Recently, the Indian Gandhi National Open University (IGNOU) announced its decision to waive off tuition fees of transgender students, in a bid to make higher education more accessible to them. Since then, the university has reportedly received at least 100 applications fro transgender students – several for the Bachelor Preparatory Programme (BPP).
According to a report in The Indian Express, the BPP course is designed to help students who haven’t completed their 10+2 and want to do their graduation from IGNOU.
Among the transgender students, the IE spoke to three transgender students who have taken admission in various courses in IGNOU about their lives before this historic change in admission procedure and how they think their lives will change.
Riya was in Class X when her sexuality started becoming a problem for her family. Born as Rahul Sharma in Raghubir Nagar, her “feminine” mannerisms were fast becoming unacceptable for her father, a carpenter.
“My younger brother would tease me about the way I walked and my father tortured me a lot. When I completed Class XII, he threw me out of the house, calling me ‘Hijra’ and ‘chhakka’,” she said, according to the IE report.
She stayed at the office of Mitr Trust (NGO) for sometime in 2013. It was only after her father vandalised the office blaming them for making her a “Hijra”, she ran away to Mewat in Haryana to join a Hijra troupe for “toil badhai” – collecting money by giving blessings to newlyweds and newborns.
Despite running to Mewat, her interest in education led her to enroll for BA Programme from the School of Open Learning (SOL) in DU, but as a man.
Riya will now do MA in Gender and Development Studies. Speaking about the course, she said that studying gender is natural for her.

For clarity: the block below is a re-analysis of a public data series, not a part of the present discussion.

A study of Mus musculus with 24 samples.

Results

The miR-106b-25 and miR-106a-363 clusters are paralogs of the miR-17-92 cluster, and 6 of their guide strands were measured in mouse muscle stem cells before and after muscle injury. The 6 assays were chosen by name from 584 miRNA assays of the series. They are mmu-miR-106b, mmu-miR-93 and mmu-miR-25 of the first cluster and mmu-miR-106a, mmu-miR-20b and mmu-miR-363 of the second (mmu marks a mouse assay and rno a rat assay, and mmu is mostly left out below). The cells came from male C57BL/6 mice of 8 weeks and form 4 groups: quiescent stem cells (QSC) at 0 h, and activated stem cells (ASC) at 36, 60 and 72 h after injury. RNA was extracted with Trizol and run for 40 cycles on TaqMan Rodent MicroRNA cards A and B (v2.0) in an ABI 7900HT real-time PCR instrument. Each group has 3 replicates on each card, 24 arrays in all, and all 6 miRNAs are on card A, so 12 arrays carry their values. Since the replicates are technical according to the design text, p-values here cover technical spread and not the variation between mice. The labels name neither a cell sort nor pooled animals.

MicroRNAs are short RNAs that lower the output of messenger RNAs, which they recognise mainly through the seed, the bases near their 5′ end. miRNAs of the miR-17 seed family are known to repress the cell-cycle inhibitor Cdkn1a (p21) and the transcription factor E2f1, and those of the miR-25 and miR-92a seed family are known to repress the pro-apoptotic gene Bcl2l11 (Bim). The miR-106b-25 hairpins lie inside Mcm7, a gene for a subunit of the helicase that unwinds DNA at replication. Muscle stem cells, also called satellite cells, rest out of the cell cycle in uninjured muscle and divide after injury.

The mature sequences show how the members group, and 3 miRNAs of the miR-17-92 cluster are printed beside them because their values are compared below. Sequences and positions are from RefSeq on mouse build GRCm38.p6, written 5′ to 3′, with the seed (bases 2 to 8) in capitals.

“Had it not been for the fee waiver (Rs 9,000) I couldn’t have studied. I don’t make enough and my father wouldn’t give me a rupee. I want to become a teacher at a government school or college, and sensitise children about gender issues,” she said, according to the Indian Express report.
Bebo, as she is known among friends, hasn’t told her parents about her sexuality yet. “My parents don’t know about my sexuality, although they have problems with my feminine behavior. I want to become a makeup artist, but they want me to be “manly” and join the Army. I can’t tell them, because I’m scared,” says Bebo.
Narrating about the experiences from childhood, Bebo said, “I studied in a government school, where not only students called me names, but even the teachers troubled me. They would ask me to explain homosexuality and everyone laughed. I had no friends.”
Similar things happened with her when she was doing her BA Programme from SOL, and frustrated, she stopped attending classes. After the IGNOU decision, she says, it has given her a new lease of life. She will study MA in Political Science and wants to further do MPhil and PhD.
Born as Nitesh Kumar in Janakpuri, Neetu works as a counsellor in Mitr Trust and has helped many parents, including her own, to accept and understand their child’s sexuality. But her journey hasn’t been easy — she had to leave her education and was put under house arrest.
“I had enrolled for BCom Programme in SOL, but during my second year, when I came out to my parents, they put me under house arrest,” she said. As time passed, her parents accepted her and even encouraged her to study. “When I got this opportunity from IGNOU, I grabbed it. I want to set an example for others from my community,” says Neetu.